Patricia Hatherly, who enjoys the unique perspective of being a Homoeopath as well as a Lactation Consultant, has worked extensively with mothers and babies for 30 years. During this time she has amassed a wealth of clinical experience in dealing with all manner of clinical issues relating to breasts and lactation. It is her desire, in the writing of this book, to share some of this knowledge with her colleagues and she attempts to bring some up-to-date perspectives to a subject which, in homoeopathic literature, tends to be perceived from an archaic and, occasionally, a somewhat erroneous perspective. In 2002 Patricia supervised the proving of Lac Maternum. Her clinical experience in lactation and birth as well as her extensive work with Lac Humanum gives her the ability to differentiate between these two remedies made from human milk, the appropriate milk for Homo Sapiens. She gives insight into how these two very important sarcodes complement one another and how they serve to assist all humans to maximise their potential.
- Author: Patricia Hatherly
- ISBN: 9780975203200
- 278 pages
- Published in 2004
- Printed in Australia
Reprinted with the permission of The ARH from 'Homeopathy in Practice' magazine, Autumn 2009 edition. Reviewed by Kerry Larkman RSHom.
This is another opportunity to praise a wonderful book about the murky sphere of breastfeeding.
Patricia Hatherly is an experienced lactation consultant, a homeopath, a teacher and also an enthusiastic researcher of Lac remedies. As a mother totally committed to breast-feeding herself, she has managed to sing the praises of human lactation with the eye and clinical perspective of the scientist.
With this book I have taken my time to read and enjoy much new information. Research has been thorough and each chapter has an extensive list of references.
Prefaced with stories from Ancient Egypt to the Middle Ages, when most wealthy women didn't breast-feed their children, it is still considered to be a delicate area in certain circles today, and the discussion about where, when and up to what age breast-feeding is acceptable flares up now and again.
The book gives excellent detail about the anatomy and physiology of the breast and breast milk, and challenges the reader to reflect and explore our materia medica to check remedies which are indicated for any possible situation that feeding mothers might encounter.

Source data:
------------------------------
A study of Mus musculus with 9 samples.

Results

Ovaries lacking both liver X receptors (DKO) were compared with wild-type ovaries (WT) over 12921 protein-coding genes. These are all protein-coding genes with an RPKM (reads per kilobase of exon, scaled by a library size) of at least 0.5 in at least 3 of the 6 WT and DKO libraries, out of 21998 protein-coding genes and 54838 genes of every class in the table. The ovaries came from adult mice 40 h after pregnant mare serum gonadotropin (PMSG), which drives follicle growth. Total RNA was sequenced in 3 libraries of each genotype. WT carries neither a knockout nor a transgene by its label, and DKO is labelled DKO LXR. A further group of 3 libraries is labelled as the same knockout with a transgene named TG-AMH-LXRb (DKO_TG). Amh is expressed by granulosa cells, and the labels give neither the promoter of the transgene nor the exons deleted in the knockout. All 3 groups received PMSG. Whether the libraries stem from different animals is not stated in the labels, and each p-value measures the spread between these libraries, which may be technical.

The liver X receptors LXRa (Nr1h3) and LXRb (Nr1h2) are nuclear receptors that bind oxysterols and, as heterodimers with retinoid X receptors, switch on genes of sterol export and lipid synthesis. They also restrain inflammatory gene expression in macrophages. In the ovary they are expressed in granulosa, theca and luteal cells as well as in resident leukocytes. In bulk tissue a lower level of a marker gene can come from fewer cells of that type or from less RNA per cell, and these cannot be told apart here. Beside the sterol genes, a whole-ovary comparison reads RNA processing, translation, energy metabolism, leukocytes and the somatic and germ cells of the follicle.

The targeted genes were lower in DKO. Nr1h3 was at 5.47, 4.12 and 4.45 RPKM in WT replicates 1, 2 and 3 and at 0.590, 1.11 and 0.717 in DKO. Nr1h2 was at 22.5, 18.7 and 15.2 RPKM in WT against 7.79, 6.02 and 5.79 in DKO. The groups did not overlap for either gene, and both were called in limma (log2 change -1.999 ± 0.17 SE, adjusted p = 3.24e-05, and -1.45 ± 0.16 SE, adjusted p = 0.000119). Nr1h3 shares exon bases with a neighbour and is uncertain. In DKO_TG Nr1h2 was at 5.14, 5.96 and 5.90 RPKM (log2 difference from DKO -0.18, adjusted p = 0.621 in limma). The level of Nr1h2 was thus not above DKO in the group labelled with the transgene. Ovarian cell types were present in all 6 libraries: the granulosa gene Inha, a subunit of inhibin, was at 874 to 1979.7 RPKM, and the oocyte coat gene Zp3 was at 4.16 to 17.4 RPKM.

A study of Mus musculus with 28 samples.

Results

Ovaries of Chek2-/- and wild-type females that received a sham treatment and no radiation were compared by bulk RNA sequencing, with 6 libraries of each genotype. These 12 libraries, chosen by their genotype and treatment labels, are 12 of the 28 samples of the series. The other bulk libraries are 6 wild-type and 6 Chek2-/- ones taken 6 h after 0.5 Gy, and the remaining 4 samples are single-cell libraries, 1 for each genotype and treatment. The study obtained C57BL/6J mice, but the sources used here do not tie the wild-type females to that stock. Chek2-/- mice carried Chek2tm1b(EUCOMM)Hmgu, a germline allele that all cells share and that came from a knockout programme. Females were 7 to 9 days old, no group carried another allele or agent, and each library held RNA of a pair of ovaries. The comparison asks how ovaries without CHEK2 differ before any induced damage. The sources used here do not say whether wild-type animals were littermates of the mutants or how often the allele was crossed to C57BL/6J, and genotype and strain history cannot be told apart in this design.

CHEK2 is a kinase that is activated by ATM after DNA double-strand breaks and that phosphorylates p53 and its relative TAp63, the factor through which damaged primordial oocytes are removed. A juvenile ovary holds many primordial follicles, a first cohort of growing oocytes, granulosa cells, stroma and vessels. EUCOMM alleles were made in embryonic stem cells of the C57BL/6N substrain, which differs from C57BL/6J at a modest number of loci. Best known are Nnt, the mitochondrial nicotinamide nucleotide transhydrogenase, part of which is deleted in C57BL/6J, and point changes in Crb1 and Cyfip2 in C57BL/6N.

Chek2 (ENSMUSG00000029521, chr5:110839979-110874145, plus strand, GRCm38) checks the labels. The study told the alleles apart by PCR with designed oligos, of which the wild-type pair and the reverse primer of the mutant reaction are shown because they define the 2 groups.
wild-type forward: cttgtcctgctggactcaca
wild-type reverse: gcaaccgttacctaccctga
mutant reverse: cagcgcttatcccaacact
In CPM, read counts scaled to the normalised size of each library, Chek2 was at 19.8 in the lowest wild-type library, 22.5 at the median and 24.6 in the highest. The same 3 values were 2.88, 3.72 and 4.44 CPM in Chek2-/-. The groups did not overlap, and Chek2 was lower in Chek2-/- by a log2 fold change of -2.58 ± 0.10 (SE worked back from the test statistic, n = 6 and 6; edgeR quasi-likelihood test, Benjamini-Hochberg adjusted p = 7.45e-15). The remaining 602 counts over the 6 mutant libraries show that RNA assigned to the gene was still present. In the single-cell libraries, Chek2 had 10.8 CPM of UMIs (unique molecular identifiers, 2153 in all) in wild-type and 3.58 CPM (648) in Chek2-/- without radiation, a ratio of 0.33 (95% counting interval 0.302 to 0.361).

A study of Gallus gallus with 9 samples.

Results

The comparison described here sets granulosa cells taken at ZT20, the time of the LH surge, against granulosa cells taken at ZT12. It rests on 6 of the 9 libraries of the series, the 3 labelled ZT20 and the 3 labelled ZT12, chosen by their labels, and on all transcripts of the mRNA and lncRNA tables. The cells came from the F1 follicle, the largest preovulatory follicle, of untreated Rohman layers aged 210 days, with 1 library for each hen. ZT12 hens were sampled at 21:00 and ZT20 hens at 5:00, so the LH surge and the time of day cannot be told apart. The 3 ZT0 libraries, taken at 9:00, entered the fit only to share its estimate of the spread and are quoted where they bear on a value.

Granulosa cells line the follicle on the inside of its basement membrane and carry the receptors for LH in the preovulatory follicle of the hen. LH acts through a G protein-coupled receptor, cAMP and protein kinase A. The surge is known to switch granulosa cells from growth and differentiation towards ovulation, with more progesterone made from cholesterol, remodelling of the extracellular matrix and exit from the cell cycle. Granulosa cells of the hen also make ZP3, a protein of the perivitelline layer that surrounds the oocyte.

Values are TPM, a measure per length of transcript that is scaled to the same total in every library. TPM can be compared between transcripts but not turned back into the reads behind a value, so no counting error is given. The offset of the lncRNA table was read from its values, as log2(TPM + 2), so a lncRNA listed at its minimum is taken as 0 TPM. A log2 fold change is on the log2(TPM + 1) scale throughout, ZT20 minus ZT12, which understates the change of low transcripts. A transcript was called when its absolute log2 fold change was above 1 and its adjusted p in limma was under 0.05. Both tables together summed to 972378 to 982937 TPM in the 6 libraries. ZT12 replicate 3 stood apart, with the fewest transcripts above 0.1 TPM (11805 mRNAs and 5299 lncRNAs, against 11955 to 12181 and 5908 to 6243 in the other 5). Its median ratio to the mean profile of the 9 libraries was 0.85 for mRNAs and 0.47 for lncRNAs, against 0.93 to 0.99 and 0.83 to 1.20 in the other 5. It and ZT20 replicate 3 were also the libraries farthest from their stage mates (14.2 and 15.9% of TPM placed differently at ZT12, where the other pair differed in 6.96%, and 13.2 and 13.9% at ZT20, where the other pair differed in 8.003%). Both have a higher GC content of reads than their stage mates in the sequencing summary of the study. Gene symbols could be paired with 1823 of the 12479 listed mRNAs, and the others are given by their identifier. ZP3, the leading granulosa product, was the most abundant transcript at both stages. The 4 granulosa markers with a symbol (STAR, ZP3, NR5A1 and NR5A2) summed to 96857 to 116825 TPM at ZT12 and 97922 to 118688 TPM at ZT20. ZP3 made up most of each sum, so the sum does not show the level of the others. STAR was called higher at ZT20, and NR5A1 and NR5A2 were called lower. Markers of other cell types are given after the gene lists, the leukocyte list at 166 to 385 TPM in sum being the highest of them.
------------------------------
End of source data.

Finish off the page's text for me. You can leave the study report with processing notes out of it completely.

There are interesting comparisons of mothers' milk in well-nourished populations with those in poorly nourished populations. Interesting charts show basically that the constituents of breast milk are similar worldwide, though Vitamin B12 Thiamine and Ascorbic may be affected by deficient diets. 90% of mothers who produce 20g of fat in their breast milk will feed more successfully and for a longer time, and their babies will have less reflux and colic.
Colostrum is the initial secretion from the breast, which is so essential for neonates. It is rich in immunoglobulins, and contains ten essential amino acids. In premature babies the nitrogen content is higher to maximise the chance of survival. It acts as a laxative to clear the intestines of meconium and is lower in fat than mature milk. Vitamin K is higher in colostrum than mature milk. This is essential as protection from haemorrhagic disease. In today's world, with improved maternal diets, we should be confident that the 'routine practice of Vitamin K injections is not necessarily indicated'.
Once you learn about the composition of breast milk in detail, I am sure you will be amazed. The huge benefits to mother and baby mentioned are not only physical but also psychological, with references to Erikson's eight stages of man. Stage 1 lasts until 18 months and is labelled trust vs mistrust. Breast-fed children develop into more 'mature secure and assertive individuals', with more protection from infectious diseases. Mothers have reduced risk of breast and ovarian cancer. In the third world, breast-feeding is essential for survival in the newborn. There are useful chapters on how to establish feeding for the mother, and many valuable hints of potential indicated remedies. There are also chapters on special needs for mothers and babies.
Towards the back of the book there is extensive information about Lac caninum, Lac humanum and Lac maturnum, plus cases. Jacqueline Houghton and Elizabeth Halahan proved Lac humanum in 1993. Patricia Hatherly has done a trituration of the C4 potency which is to be found in ReferenceWorks on the MacRepertory programme. This important work opens up our understanding on C4 potency to the work done by Alize Timmermann and Withold Ehrler on the deeper levels of healing. The Lac maternum proving was supervised by Tinus Smits in 1994 and is also supported by an extended case.
There are extensive notes to support the Appendices on various problems with indicated remedies. Homeopathic texts are taken from a dozen books of authors of today.
A small lament is that the typeface for chapter headings is not easy to decipher. That aside, I enjoyed this book enormously. It is a valuable essential tool for both homeopaths and parents and, as a trained midwife and doula, I am sure it gives useful, insight into holistic breast-feeding.